If there’s anything we’ve learned about the growth of analytics it’s that users demand an easy to use, simple to share dashboard view to speed up the arrival of insights that fuel decision making.
As we saw in a recent blog post by David Menninger of Ventana Research, the design and user experience are real markers left by the late Steve Jobs. Apple’s focus on design and devices are based around being simple enough that even a toddler can operate it.
While user experience is a major component of a BI application, it’s the dashboard view that we’re after in using analytics to make informed decisions. The Internet has trained today’s technology users to look for information in an instant, to have an interactive experience and to share data quickly.
In a recent rebuttal to Smashing Magazine’s “Dos and Don’ts of Infographic Design,” Nathan Yau (@flowingdata), a data visualization expert, says the data is the ultimate driver. He writes,”Remember that design isn’t just about making things pretty. It’s about making things work, and in the case of infographics, that means representing data accurately and clearly. It means letting the data speak and not putting extraneous icons all over the place to obscure what’s important.”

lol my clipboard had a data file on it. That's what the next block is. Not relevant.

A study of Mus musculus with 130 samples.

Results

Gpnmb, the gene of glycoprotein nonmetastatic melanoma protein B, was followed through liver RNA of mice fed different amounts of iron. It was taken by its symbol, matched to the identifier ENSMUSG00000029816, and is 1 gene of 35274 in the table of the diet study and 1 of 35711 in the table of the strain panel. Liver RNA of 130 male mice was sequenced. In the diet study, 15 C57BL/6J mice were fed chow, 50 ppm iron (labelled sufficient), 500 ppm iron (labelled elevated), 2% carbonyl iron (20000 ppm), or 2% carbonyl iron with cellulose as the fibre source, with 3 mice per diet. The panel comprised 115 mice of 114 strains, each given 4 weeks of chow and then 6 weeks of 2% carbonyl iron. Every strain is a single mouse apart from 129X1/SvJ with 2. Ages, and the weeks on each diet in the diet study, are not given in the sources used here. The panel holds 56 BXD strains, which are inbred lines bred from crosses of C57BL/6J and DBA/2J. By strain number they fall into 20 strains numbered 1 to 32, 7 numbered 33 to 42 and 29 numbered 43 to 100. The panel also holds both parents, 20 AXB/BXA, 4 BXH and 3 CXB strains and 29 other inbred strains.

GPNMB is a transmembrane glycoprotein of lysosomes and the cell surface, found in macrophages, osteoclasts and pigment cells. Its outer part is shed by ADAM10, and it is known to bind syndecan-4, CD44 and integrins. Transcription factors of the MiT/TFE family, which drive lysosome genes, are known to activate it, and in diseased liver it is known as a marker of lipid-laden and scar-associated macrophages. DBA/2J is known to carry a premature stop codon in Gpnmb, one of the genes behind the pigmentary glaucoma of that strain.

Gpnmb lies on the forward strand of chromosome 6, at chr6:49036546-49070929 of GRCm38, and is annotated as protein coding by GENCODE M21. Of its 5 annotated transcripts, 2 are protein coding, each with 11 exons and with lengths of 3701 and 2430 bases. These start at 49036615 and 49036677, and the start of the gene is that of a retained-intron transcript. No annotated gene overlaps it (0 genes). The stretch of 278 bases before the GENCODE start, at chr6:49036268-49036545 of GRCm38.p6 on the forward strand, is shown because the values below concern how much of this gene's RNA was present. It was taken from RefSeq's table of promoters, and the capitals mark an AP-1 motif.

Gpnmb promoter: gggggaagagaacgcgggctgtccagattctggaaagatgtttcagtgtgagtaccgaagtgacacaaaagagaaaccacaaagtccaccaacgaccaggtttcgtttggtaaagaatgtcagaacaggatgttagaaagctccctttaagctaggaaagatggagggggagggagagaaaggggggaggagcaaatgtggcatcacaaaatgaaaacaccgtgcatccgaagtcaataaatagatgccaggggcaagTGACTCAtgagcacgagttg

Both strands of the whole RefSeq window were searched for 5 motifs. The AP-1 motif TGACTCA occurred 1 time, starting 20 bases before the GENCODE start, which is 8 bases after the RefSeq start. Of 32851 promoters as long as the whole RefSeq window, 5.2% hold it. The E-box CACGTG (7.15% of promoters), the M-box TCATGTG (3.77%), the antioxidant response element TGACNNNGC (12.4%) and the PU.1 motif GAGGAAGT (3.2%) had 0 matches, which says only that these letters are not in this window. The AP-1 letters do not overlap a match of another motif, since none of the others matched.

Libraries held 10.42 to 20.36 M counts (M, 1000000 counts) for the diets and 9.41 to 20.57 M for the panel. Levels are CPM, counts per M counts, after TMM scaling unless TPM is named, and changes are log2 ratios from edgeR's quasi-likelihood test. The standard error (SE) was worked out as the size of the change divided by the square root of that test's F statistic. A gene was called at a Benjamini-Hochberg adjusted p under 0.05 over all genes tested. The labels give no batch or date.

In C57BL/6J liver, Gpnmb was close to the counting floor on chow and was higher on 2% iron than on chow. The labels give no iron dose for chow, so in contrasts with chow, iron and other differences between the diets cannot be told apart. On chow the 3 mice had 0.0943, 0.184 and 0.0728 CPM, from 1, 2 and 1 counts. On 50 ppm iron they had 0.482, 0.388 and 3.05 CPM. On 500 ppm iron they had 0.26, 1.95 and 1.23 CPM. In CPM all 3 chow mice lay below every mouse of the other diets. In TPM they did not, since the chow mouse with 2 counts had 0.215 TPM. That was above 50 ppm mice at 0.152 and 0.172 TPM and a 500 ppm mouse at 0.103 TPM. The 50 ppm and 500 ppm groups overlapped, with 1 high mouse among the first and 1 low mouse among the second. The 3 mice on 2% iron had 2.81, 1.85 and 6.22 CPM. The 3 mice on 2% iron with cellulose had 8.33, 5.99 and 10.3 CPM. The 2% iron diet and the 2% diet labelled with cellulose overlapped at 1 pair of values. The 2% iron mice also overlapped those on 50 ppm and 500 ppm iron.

This is an important reminder in any data visualization, especially when creating dashboards. The data needs to be “accurate and clearly represented” so the user can navigate the data and make decisions, often in a split second.
And ease of use is the top of the list for purchasing a BI system. Lyndsay Wise (@wiseanalytics), president of Wise Analytics, recently wrote a blog post at Information Management concerning the marriage of social networking tools and self-service as the ultimate way to the “next level” with BI. She says in the post that the “ease of use, high levels of interactivity and the ability to create unique and individual experiences define the goals of both [social networking and self-service BI].”
Wise says that in order for BI to be self-service, it has to be “accessible to people irrespective of their comfort with technology.” This focus is apparent in dashboard design and usage. If a less tech savvy user cannot navigate and understand a dashboard with ease, there’s going to be a user adoption problem. And can companies seeking to derive competitive advantage and make fiscally responsible decisions really afford to let a user adoption issue keep them from actionable insights?
Additionally, Wise writes that BI vendors need to think about the “community” of users in designing analytics systems. Decisions are made among teams and predictive analytics will be based on data from a “community” of stakeholders. The bottom line is that both the individual as well as the collective dashboard user experience need to be considered in dashboard design – at the vendor and user levels.